It was only a matter of time until Michael Moore made a film in the era of Donald Trump.
“Fahrenheit 11/9” is a title that’s an homage to arguably Moore’s best film, “Fahrenheit 9/11.” “Fahrenheit 11/9” has a great deal of anti-Trump footage that’s monotonous and overlong, but there’s plenty of material that makes this movie worth watching.
“Fahrenheit 11/9” is an autopsy on the Trump presidency: how Trump got elected, how certain social and economic events shaped his pathway to the White House and much more. Moore’s ultimate goal is to understand how and why Trump was elected and where the country goes from here.
It’s a shame that Moore spends too much time on the “what” of Trump rather than focusing more on the “how” and “why." The first and final chunk of this film highlights the despicable rhetoric and behavior displayed by Trump: his overt racism, bigotry, misogyny, etc.
Moore certainly isn’t wrong by calling out Trump’s inexcusable words and behavior, but it’s all things that we’re already aware of. Unless you live under a rock, you’ll recognize all of this film’s stock footage of Trump doing and saying reprehensible things.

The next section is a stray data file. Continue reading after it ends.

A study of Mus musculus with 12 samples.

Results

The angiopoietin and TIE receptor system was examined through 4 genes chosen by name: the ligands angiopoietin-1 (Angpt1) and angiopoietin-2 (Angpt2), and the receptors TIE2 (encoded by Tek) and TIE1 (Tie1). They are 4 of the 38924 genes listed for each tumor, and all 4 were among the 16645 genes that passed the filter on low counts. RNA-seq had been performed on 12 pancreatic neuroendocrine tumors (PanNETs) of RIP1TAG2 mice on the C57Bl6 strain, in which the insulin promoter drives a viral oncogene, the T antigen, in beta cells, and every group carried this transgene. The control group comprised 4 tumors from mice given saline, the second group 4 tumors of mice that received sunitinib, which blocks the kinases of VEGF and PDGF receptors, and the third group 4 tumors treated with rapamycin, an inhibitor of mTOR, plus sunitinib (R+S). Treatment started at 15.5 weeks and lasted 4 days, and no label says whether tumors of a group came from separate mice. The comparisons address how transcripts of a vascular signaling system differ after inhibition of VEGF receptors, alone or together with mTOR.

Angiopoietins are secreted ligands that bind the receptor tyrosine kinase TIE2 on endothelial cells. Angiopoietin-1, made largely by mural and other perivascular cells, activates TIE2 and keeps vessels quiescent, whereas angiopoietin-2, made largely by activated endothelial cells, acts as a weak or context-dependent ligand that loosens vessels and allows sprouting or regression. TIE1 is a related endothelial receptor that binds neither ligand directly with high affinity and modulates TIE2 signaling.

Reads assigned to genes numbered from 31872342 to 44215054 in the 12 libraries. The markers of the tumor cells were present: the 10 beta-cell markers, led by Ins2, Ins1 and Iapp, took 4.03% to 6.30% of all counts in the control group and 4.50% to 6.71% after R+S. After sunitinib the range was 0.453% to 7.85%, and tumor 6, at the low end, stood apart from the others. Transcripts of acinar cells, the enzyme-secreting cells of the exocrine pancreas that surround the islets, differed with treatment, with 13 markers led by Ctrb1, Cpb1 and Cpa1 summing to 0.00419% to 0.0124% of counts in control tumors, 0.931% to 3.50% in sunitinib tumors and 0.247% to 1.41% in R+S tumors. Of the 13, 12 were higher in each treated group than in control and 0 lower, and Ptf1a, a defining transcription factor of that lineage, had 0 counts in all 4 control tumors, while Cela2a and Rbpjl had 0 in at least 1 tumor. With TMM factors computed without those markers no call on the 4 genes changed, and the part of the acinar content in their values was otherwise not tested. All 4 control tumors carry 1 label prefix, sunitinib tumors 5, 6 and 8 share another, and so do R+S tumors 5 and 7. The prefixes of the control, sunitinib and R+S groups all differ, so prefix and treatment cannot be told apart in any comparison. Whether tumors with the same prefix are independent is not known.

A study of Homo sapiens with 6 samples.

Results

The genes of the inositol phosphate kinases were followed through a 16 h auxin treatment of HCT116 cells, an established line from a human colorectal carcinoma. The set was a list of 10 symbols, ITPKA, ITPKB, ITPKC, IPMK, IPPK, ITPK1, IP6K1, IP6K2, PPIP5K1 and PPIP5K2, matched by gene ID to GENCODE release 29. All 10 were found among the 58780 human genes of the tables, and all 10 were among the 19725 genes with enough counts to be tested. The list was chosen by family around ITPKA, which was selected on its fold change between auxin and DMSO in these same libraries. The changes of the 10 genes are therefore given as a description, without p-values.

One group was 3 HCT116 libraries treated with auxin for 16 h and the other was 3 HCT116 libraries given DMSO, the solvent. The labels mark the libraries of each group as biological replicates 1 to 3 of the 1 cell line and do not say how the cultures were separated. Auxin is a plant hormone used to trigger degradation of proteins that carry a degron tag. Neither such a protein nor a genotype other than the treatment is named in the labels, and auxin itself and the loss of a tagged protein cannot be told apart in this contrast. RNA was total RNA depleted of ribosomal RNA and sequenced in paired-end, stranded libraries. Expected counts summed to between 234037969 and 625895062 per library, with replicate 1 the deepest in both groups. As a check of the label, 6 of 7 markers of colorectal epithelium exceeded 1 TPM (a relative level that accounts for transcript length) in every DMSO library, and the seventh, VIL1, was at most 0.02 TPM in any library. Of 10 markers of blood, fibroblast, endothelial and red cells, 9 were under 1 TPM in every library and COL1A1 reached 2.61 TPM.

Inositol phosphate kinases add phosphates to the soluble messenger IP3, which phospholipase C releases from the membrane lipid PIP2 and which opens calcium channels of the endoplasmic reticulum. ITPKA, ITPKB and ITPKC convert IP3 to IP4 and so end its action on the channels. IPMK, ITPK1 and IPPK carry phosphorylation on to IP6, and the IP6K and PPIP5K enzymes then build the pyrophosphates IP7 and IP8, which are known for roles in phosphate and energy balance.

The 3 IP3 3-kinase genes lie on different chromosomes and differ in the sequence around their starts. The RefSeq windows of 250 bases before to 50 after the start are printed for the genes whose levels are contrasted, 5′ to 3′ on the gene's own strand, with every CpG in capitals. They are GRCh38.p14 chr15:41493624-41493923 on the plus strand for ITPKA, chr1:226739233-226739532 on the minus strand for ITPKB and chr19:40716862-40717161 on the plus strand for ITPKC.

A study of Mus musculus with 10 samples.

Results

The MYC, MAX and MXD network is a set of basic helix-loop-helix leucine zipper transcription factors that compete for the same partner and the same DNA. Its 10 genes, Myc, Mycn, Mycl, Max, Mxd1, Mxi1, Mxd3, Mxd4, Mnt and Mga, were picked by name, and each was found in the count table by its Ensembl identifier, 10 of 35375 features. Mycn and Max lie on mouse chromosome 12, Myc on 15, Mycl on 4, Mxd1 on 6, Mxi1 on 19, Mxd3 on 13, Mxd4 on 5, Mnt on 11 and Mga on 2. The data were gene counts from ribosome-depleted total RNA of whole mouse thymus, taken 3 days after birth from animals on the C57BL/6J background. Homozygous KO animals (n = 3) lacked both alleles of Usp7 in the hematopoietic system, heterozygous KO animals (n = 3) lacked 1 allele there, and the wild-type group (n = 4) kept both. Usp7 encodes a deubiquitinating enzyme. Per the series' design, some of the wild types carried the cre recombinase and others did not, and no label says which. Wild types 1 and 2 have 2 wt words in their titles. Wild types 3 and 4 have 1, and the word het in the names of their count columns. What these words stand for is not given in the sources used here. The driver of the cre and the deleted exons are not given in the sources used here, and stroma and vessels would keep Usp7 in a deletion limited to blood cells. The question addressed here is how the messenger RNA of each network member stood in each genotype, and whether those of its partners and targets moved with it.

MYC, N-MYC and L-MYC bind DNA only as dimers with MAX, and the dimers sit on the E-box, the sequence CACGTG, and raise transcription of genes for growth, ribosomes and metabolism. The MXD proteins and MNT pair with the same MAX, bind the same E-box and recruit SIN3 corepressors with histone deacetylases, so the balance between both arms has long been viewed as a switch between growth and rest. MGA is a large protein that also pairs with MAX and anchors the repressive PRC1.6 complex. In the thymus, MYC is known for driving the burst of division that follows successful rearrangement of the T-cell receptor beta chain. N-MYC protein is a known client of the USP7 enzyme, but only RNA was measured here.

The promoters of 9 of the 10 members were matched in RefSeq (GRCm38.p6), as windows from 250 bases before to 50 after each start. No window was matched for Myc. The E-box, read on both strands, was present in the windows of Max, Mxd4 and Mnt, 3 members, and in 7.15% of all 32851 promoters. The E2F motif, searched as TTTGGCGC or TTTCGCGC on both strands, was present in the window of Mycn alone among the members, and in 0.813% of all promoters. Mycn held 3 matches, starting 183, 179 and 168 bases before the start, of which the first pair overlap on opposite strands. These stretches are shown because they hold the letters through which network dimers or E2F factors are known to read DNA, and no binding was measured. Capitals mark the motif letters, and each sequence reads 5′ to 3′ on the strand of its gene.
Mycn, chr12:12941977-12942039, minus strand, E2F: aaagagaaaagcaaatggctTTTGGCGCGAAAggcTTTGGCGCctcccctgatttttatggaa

“Fahrenheit 11/9” truly shines when Moore examines smaller, contained national tragedies that Moore considers pre-texts or subplots to the Trump presidency. The water crisis in Flint, Michigan is the film’s stand-out topic, highlighting the cyclical nature of poverty and how men in positions of power exploit the weak and vulnerable. The commentary on recent teacher strikes and students pushing for gun control are also strong segments.
You can expect to see the typical grassroots, bootstrapping journalism from Moore as well. Interviews with activists, community organizers and young politicians contain much insight and perspective that you don’t typically see on more mainstream news platforms.
Many will complain that Moore is too leftist or one-sided in his arguments, but Moore is no stranger to criticizing his own party for their lack of leadership and initiative. Moore detractors will be in for a treat to see Michael Moore go after prominent democratic figures, particularly Obama, and their failures before and after Trump was elected.
“Fahrenheit 11/9” has a lot of what you would expect from a filmmaker who despises Donald Trump, but there’s still enough to make this film a funny, intriguing, and important entry in Michael Moore’s filmography.